The Mysteries of Freemasonry

The new Immediate Past Master of a lodge, the Master Mason who had just stepped down from his term as Worshipful Master, sat alone in the dining hall, looking pensive as he stirred his coffee. The lodge’s old Chaplain noticed this and went to ask what was on his mind.

The Past Master said: “Brother, I have spent the last several years working my way through all the chairs of our lodge. As the Worshipful Master, I did my duties and, if I may say so, I executed them well and with honor. I’ve joined the Scottish Rite, the York Rite, and a few research bodies, and listened to and read everything I could, and I strive to live a life of virtue and faith. But after all this time, I don’t feel like I really know much more about Masonry than I did after completing my proficiency as a Master Mason. I feel like I’m missing something. Is this all there is?”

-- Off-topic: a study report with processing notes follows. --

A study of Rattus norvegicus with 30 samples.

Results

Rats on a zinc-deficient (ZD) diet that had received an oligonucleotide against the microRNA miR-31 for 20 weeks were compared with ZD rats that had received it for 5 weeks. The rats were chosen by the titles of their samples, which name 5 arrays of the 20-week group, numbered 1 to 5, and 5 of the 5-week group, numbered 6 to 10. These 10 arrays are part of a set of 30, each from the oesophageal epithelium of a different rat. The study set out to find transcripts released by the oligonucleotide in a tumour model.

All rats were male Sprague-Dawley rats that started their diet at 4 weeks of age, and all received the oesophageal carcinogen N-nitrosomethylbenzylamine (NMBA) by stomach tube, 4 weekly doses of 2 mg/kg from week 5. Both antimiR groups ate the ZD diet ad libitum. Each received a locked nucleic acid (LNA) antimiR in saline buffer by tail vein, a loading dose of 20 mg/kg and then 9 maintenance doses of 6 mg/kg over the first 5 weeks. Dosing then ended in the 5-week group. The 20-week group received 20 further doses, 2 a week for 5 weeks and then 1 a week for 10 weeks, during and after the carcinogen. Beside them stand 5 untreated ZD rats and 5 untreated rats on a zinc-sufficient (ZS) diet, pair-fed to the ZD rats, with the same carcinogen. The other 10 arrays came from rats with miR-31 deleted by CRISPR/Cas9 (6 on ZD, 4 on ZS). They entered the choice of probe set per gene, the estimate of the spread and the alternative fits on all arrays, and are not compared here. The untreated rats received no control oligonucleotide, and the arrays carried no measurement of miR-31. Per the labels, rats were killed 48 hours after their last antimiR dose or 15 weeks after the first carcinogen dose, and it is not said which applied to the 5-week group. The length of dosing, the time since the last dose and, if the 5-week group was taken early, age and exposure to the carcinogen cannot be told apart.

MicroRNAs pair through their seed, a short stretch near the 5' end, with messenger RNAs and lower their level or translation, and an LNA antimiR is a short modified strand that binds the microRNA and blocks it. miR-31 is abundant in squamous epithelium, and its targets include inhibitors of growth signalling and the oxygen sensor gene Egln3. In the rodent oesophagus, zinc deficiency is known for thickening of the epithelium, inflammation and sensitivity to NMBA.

The old Chaplain asked, “What do you think you are missing?”

The Past Master answered: “I don’t know, it’s just a feeling I have. It’s really a mystery to me.”

The Chaplain replied: “Ah, a mystery! Well, isn’t it interesting that our ritual talks about the “mysteries of Freemasonry”?

“What do you mean?” asked the Past Master.

“Brother,” responded the old Chaplain, “what are the secrets of Freemasonry?”

“We only keep our ritual and our means of recognition as secrets,” said the Past Master.

The Chaplain said: “And yet there are many books that reveal these things, so isn’t it foolish that we call them secrets? What is a secret, really, if it isn’t something that you know but cannot tell anyone else? And yet we tell each other these so-called secrets all the time. What, then, might be our real secrets.”

The Past Master looked down with a puzzled expression on his face.

“There! That’s it!” announced the old Chaplain, looking sincerely into the Past Master’s eyes and pointing at his forehead. “Pass through that veil, enter that temple, and you will find the true secrets of our Craft.”

“You’re not making much sense,” replied the Past Master.

The Chaplain smiled and said, “Isn’t it wonderful?”